Film depicts fight against neoliberalism in Latin America

Issue 
El Caracazo poster.

Venezuelan ambassador to Australia Nelson Davila introduced the film El Caracazo: A day that shook a country at a public screening on February 27. The event was hosted by the Venezuelan embassy and the Australia-Venezuela Solidarity Network (AVSN).

Publicity for the film says: "Roman Chalbaud's docudrama El Caracazo recreates a series of events forever etched in the hearts and minds of those present, and which permanently altered the Venezuelan political landscape. On February 27, 1989, in Caracas, Venezuela, a series of citizen-based protests against a rise in bus ticket prices quickly erupted into an insurrection.

"In response, the government of Carlos Andres Perez brutally massacred hundreds of Venezuelan citizens. Chalbaud shapes this raw material into a visceral onscreen dramatisation. In the process, he sharply attacks the inhumanity of the Perez political regime and pays homage to those who lost their lives in the tragedy."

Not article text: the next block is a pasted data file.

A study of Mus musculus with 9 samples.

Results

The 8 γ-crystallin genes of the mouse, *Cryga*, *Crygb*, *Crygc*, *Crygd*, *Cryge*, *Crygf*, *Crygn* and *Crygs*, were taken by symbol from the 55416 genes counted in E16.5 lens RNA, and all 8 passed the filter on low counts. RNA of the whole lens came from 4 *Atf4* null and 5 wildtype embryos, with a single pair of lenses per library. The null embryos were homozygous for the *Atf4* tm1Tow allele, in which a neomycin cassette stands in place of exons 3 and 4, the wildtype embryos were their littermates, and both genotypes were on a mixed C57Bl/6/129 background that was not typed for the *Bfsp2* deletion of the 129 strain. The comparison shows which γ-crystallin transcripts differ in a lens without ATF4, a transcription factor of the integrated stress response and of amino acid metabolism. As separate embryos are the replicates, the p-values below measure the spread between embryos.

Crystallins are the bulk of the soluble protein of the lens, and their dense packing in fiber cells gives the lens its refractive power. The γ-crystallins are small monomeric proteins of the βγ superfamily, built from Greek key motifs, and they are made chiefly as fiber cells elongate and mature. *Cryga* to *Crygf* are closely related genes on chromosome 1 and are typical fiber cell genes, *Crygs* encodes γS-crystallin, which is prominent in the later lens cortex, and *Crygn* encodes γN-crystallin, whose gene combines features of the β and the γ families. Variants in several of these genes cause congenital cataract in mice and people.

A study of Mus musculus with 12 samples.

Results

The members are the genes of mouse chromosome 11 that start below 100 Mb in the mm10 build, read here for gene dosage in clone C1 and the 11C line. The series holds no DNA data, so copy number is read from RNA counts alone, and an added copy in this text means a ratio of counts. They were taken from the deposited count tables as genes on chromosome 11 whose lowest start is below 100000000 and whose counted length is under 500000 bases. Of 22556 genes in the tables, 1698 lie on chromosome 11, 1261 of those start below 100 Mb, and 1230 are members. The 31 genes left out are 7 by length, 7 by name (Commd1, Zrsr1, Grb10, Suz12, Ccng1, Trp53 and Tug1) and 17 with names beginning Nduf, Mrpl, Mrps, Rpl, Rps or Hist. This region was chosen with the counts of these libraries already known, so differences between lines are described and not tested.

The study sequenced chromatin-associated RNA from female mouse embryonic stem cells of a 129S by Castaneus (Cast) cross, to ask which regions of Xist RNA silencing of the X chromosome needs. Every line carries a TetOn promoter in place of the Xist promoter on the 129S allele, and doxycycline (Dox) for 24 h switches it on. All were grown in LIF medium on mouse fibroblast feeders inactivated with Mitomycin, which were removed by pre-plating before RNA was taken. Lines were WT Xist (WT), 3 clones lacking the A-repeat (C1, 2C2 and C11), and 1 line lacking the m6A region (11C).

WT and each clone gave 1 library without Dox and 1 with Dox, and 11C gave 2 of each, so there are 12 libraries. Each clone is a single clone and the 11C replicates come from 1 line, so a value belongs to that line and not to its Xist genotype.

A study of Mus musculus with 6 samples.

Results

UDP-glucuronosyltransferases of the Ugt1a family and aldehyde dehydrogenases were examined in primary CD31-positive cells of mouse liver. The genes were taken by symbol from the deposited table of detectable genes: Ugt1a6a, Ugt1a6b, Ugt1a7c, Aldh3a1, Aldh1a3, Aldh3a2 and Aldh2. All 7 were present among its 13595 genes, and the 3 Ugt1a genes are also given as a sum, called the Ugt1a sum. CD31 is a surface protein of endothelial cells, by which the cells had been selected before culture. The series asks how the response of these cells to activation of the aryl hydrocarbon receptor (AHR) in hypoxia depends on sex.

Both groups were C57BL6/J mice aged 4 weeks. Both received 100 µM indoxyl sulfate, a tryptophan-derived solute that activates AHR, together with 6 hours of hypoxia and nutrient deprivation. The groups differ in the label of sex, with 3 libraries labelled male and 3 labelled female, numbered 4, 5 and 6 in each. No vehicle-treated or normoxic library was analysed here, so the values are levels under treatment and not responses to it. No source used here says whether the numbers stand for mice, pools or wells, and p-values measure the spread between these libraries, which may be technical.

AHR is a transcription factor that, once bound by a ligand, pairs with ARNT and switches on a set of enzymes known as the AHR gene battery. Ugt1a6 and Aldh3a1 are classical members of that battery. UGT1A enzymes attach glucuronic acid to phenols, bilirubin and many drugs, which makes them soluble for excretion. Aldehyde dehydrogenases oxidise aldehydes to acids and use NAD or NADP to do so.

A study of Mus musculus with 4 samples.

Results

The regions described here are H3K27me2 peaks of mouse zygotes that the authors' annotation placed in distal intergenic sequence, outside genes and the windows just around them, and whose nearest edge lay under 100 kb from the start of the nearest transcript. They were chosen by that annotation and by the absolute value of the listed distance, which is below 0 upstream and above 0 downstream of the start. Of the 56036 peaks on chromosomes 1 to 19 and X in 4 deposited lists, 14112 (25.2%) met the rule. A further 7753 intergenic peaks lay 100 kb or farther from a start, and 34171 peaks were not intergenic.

Davila told the audience: "For Venezuela, February 27 is a very important day. The following two-three days represented the first big popular response to neoliberal policies in Latin America.

"They involved several days of street battles, and many deaths. But the people continued to resist.

"Today this date is celebrated as a day of remembrance. February 27, 1989, saw the army repress the people, but also saw a section of the military envisage another path of action.

"They formed the Bolivarian Movement, which led to the military rebellion of 1992, commanded by [now President] Hugo Chavez. The 'Caracazo' was the beginning of the Venezuelan Revolution we see today.

"It represented the first awakening of the Venezuelan people, as well as a section of the armed forces, to the need to reject neoliberal government policies, and begin to struggle for a new course of social development.”